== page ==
By Ralph Fox
An American Introduction
LONG before I read The Novel and the People, I had heard of Ralph Fox. His story came to life for me in bits and unrelated fragments, which, as I pieced them together, made a picture of a man of splendid and brave stature. In time to come, when the anti-fascist of the thirties is recognized as one of the great heroes of all human experience, Ralph Fox will be by no means the least in the ranks. And in a sense, he is typical a combination of intellect and faith, theory and action: a peculiarly and wonderfully new servant of humanity.
I have heard people say what a wasteful shame it was that such a man as Fox should have died in Spain, fighting fascism at a time when so few people knew the real nature of that enemy a waste because surely, if he had lived, he would be a valuable and strong leader of the intellectual life of our times; yet I wonder whether anyone can render a judgment on that point: Fox knew what he was doing; he made his choice with a consciousness of the forces, those social and historical forces of life he always took into consideration, and he fought wherever it was most necessary.
For all that he died so young, he left us a treasure of writing; and in his written words there is the same boldness, the same recognition of necessity, and the same understanding of reality which existed in his life. And that you will see clearly enough when you read The Novel and the People, for reading Fox is never a passive experience, but rather the sharing of a bold and exciting intellectual adventure.
In this book Ralph Fox is seeking for causes and effects an artist trying to analyze the nature of the disease that is destroying his art. Again and again, with knife-like precision Fox hits to the core of the matter. Intellectually, he is bold, completely unafraid of taboo; and thereby, striking out so angrily, he reaches many conclusions that are amazingly valid. And in doing so, he creates the most stimulating and exciting book of literary criticism that I have ever read. He is an adventurer, and he takes you with him into the exciting experience of Marxism and culture.
And his tools are superb; he writes in the old tradition of English letters, and his prose is both graceful and vital.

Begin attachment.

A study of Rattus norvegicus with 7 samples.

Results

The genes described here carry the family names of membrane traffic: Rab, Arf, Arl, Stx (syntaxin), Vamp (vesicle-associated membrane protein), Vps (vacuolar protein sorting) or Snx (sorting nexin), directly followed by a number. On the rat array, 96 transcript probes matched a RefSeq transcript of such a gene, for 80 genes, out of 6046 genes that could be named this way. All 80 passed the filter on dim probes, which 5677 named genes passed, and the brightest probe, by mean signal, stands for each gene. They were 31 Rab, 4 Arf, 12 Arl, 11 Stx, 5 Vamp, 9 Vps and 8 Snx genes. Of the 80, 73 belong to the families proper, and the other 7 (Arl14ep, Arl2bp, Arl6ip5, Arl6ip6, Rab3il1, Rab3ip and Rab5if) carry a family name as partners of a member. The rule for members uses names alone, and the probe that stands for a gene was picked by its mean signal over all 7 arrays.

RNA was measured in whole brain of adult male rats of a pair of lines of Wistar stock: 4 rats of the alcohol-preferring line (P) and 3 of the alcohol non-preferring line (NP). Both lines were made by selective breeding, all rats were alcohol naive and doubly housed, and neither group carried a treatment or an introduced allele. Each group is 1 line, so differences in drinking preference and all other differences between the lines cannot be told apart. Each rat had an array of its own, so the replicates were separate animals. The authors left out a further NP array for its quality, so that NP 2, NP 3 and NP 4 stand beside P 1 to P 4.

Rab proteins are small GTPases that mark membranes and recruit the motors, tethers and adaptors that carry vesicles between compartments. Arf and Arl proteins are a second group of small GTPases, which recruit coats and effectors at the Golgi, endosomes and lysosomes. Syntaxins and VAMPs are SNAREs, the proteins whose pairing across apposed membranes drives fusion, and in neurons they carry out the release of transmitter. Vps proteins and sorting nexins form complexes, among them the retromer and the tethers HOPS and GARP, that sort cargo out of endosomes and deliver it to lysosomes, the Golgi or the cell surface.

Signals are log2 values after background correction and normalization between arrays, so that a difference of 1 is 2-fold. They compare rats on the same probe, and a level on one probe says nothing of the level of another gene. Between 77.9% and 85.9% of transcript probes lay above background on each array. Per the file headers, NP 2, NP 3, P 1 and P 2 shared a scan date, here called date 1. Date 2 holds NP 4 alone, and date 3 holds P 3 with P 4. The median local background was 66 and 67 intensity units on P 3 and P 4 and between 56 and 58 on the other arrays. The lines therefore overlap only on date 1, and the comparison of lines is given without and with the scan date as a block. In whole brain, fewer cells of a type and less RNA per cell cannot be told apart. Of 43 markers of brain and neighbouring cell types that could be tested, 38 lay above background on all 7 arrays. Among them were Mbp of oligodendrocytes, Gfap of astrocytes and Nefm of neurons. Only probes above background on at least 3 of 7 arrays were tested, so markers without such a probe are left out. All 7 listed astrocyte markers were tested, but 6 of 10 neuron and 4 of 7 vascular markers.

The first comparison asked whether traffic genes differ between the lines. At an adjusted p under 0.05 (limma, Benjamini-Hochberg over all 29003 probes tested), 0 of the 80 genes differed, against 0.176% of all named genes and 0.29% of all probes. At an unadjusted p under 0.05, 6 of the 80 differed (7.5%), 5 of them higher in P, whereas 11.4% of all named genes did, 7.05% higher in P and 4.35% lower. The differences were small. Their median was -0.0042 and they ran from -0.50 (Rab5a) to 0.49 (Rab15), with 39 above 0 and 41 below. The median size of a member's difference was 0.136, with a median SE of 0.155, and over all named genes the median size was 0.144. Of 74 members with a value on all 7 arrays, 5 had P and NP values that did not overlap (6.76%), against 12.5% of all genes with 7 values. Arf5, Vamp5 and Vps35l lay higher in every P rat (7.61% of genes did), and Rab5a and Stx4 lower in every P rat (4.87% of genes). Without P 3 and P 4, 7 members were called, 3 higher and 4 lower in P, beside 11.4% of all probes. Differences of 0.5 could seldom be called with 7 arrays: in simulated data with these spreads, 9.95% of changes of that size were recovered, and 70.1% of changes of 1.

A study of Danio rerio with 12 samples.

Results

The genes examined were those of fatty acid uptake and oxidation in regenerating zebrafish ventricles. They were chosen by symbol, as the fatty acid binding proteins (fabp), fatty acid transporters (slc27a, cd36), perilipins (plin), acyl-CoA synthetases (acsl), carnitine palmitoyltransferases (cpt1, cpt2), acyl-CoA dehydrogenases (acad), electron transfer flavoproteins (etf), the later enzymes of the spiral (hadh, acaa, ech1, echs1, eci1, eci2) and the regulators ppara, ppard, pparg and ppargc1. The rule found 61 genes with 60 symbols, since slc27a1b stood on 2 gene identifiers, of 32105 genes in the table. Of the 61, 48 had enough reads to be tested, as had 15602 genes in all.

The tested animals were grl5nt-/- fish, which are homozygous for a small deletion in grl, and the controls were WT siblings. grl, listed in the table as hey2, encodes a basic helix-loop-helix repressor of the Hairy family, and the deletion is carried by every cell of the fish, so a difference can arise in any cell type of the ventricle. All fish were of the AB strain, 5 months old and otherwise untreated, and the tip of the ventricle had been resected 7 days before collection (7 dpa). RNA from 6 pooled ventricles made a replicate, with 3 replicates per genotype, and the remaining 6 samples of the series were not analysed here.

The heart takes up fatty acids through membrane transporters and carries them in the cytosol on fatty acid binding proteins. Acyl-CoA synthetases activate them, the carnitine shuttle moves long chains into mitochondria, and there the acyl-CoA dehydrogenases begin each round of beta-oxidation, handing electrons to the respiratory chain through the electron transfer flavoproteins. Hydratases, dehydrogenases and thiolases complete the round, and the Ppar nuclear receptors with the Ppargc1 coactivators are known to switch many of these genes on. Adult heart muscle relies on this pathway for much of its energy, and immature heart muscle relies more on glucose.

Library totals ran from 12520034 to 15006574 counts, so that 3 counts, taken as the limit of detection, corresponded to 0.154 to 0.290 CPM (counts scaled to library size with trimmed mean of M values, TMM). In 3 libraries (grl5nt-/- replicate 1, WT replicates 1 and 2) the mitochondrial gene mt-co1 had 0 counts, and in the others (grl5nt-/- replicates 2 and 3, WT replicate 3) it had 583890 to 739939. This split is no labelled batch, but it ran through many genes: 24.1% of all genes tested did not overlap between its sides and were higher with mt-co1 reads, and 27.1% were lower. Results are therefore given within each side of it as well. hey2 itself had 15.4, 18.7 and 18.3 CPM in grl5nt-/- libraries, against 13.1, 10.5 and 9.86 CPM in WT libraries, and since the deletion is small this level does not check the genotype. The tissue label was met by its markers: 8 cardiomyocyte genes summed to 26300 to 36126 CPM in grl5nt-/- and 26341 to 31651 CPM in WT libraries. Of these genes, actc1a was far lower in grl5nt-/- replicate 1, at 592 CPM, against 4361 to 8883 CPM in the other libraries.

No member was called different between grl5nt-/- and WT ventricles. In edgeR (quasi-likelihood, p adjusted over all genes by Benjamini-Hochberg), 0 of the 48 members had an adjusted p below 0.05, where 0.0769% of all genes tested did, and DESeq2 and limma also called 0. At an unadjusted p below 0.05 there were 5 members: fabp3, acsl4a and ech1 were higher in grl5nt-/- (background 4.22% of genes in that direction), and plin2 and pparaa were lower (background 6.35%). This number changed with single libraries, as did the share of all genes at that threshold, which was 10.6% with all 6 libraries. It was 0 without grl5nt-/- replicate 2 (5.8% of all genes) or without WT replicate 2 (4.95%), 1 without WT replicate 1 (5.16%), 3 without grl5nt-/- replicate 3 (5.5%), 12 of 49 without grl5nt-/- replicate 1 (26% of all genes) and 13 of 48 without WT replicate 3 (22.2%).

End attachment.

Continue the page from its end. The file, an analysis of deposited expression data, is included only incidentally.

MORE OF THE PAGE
Withal, the reader should be reminded that this book was written eight years ago, and that the great changes which have occurred since have affected literature as well as everything else. Also, in those eight years, the Russian novel has come to a new maturity one that would have excited and pleased Ralph Fox, had he lived to see it.
For Americans, too, the book is more of a stimulation to thought than an appraisal of our literature; many of the questions Fox poses have been answered in the tradition of our novel, and his overall picture of the novel would be strengthened by the inclusion of such writers as Clemens, Melville, Sinclair, Anderson, Lewis to mention only a few. Again, Fox lays too little stress upon the dynamic interplay of reader and writer which is understandable when we consider the time in which he wrote; for example, in America today, we have a new and tremendous book audience in the middle and working class, and there is no doubt that this audience will play an important part in the maturing of the novel.
But as I said before, in Fox's time the world situation was different. In that world, where fascism was a growing, terrible, and comparatively unopposed monster, Fox fought manfully for his art, which is the art of freedom, equality and brotherhood. And his book will remain, for many years to come, the brilliant record of a Marxist writer who believed that only from the people could a great art spring.